Rihan sentence order is either Subject-Verb-Object or Verb-Object-Subject. Even though both the subject (the nominative case) and the object (the accusative case) decline in the same manner, it is still easy to tell which noun is the subject and which is the object because of this set order.

aihsa adj. young
bhudt n. boy
ecraser n. field
færre v. to hit
ghan n. ball
h'rau (+D) prep. in
hrræ adv. quickly
Jhan n. John
mneani adj. red
Jhan færre ghan.
Færre ghan Jhan.
John hits the ball.


Ghan færre Jhan.
Færre Jhan ghan.
The ball hits John.

Indirect Objects

Indirect objects can be placed either before or after the direct object, depending on what the speaker or writer wishes to emphasize. Whichever comes after the verb is the object being emphasized:

Jhan færre ghan bhudtevha. (Emphasizes the ball.)
Jhan færre bhudtevha ghan. (Emphasizes the boy.)
Færre bhudtevha ghan Jhan. (Emphasizes the ball.)
Færre ghan bhudtevha Jhan. (Emphasizes the boy.)
John hits the ball to the boy.
An alternate but less correct translation: John hits the boy the ball.

Note that the indirect object in Rihan can often be translated into English as either an indirect object or a prepositional phrase.

Adjectives are placed directly after the noun the modify:

Jhan færre ghan mneani bhudtevha aihsa.
John hits the red ball to the young boy.

Adverbs are placed directly after the verb the modify:

Jhan færre hrræ ghan mneani bhudtevha aihsa.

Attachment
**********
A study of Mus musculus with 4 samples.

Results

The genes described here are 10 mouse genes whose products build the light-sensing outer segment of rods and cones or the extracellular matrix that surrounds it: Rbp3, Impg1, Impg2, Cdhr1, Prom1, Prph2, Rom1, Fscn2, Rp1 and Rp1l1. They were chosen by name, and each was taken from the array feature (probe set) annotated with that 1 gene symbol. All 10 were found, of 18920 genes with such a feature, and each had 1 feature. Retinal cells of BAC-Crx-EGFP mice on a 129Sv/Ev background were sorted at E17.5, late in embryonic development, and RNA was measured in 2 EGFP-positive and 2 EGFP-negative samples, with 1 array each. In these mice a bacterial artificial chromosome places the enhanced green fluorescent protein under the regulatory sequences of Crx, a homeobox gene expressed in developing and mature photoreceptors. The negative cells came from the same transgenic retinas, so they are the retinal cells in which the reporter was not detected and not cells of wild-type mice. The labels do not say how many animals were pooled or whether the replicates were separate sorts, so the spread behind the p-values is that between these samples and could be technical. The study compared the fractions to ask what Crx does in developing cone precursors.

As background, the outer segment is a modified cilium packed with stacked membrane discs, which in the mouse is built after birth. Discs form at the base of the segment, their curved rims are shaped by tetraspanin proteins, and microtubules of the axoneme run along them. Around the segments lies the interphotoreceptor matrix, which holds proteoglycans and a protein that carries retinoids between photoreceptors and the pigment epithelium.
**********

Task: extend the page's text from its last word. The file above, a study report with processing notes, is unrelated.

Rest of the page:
John quickly hits the red ball to the young boy.

Prepositional phrases are placed after the part of speech that they modify:

Jhan færre hrræ ghan mneani bhudtevha aihsa h'rau ecraserevha.
John quickly hits the red ball to the young boy in the field.
The boy is in the field.

Jhan færre hrræ ghan mneani h'rau ecraserevha bhudtevha aihsa.
John quickly hits the red ball in the field to the young boy.
The ball is in the field.


To express a concept such as "x is (adjective) than y", Rihan uses the construction (adjective) aou'nel x y'hel.

Dælfte aou'nel llhea lacendt'hel
Big is better than small.

In a statement where the comparison isn't between two nouns but between a noun and a concept, Rihan uses the construction (adjective) aou'nel, fvah (concept).

Dælfte aou'nel, fvah ælhen mh'siurrhanir lloannen mnean.
Their sensors are better than we thought.
Lit. Better than, what thought from-sensors theirs we.


Questions in Rihan can be formed in three ways. The simplest is to add the adverb ie, "yes," to a statement, positive or negative, e.g. Ahr'viduus lloann, "They are happy," would become Ahr'viduus lloann, ie?, "They are happy, yes?"

The second way is by using the particle -difv. This particle can only be used in a question containing a verb, as it is attached to the verb. The statement "you understand" in Rihan is ssuaj hwi. To ask, "do you understand?" one would affix -difv to the verb, resulting in Ssuaj-difv hwi?,"Do you understand?"

The third way is similar to the Chinese method of forming questions - giving two options, positive and negative, to the speaker. This is used in the same situations as the -difv, and the meaning is identical; usage depends entirely on the preferences of the speaker. To form a question in this way, the verb is repeated twice - once in the positive indicative form, and once in the negative indicative form in the appropriate tense and aspect. The above question, "Do you understand?", in this form would be rendered as Ssuaj ssuajkhe (hwi)?.